A year has passed since I began my delayed gratification photography project—an attempt to broaden my horizons by limiting myself to a Leica M3, one lens (50mm), and one type of film (Tri-X), for one year (as recommended by Mike Johnston). In the end I shot 18 rolls of film—about one and a half per month—a far cry from Mike’s recommendation of 2-4 per week! I had all of my negatives scanned, so one could argue that this was “analog photography” in name only. Early on I had designs to take a darkroom class, but the timing never worked out. It’s something I could always pursue in the future.
I filtered through the 650-odd photos I took and whittled them down to the strongest 18 (technically 19, as the panorama below was stitched together from two separate photos). It’s purely coincidence that I shot 18 rolls of film and ended up with 18 winners. I didn’t constrain myself to picking one shot per roll. Several rolls, especially in the beginning, had no winners, and several had more than one. Not surprisingly, the majority have appeared in prior blog posts (as indicated). I’ve arranged them below in the order that they were taken.
If I had to pick my favorite from among the 18, it would probably be “Flying over a solitary boat”. Though it might be a toss up between that and “Spume of snowy plovers”. And “Pigeons, two pairs of shoes, and a jump rope” is definitely up there. Those would probably be my top 3. Ooo, but I can’t leave out the “Channels of dry salt” triptych—is there such a thing as a “top 6”?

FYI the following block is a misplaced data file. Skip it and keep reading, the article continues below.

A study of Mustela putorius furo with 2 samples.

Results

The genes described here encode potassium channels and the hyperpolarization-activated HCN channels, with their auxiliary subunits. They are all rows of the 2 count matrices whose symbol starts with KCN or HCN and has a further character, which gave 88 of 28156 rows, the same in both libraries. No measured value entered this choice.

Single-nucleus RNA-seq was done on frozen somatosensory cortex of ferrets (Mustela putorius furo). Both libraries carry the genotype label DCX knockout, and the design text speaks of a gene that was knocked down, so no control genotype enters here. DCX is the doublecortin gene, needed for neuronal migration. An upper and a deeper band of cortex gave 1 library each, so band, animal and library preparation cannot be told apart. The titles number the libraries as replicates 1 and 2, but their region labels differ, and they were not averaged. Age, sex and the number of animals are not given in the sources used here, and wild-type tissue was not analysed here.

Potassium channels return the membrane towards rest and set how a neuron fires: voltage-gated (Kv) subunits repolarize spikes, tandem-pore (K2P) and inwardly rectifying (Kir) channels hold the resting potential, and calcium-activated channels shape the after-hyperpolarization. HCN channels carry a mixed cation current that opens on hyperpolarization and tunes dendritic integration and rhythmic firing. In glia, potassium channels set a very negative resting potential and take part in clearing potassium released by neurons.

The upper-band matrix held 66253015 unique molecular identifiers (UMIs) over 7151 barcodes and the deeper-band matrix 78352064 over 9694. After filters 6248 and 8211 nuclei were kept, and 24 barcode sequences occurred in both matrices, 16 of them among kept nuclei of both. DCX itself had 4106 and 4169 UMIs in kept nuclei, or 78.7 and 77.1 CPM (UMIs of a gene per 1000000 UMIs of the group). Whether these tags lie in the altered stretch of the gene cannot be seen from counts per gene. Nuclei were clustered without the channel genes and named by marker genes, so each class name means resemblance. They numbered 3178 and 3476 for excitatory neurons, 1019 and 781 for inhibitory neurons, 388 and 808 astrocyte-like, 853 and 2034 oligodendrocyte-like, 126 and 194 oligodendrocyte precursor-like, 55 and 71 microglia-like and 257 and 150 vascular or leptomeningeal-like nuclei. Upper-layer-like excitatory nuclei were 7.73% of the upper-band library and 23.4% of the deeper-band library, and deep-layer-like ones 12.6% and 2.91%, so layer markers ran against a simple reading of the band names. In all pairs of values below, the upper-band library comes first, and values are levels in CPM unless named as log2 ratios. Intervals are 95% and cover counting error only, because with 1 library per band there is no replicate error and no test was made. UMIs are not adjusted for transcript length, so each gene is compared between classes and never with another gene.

After a week on eBay, the M3 is ready for its next adventure. I bought the body and the lens separately on eBay for $1550. I spent $212 getting them cleaned, lubricated, and adjusted. And I sold them together on eBay (to someone in San Francisco, no less) for $1125. Not quite break-even, but not terrible either.
I really enjoyed the experience, so I’m sad to see it go, but at the same time, I’m also glad to part with it. I appreciated the camera’s simplicity, the grainy drama of shooting with black and white film, and the anticipation leading up to seeing the shots I had taken days or sometimes weeks afterwards. That said, I didn’t enjoy the cost of developing and scanning the film (~$20/roll), knowing that someone had seen my photos before me, and discovering weird imperfections in otherwise workable shots (that the CLA didn’t entirely eliminate). I think the experience improved my eye for contrasts of shadow and light, form and space, but I still feel clumsy choosing the exposure. I expect that my future photography, digital or otherwise, will invariably be marked by this experience. I’m just not sure how yet.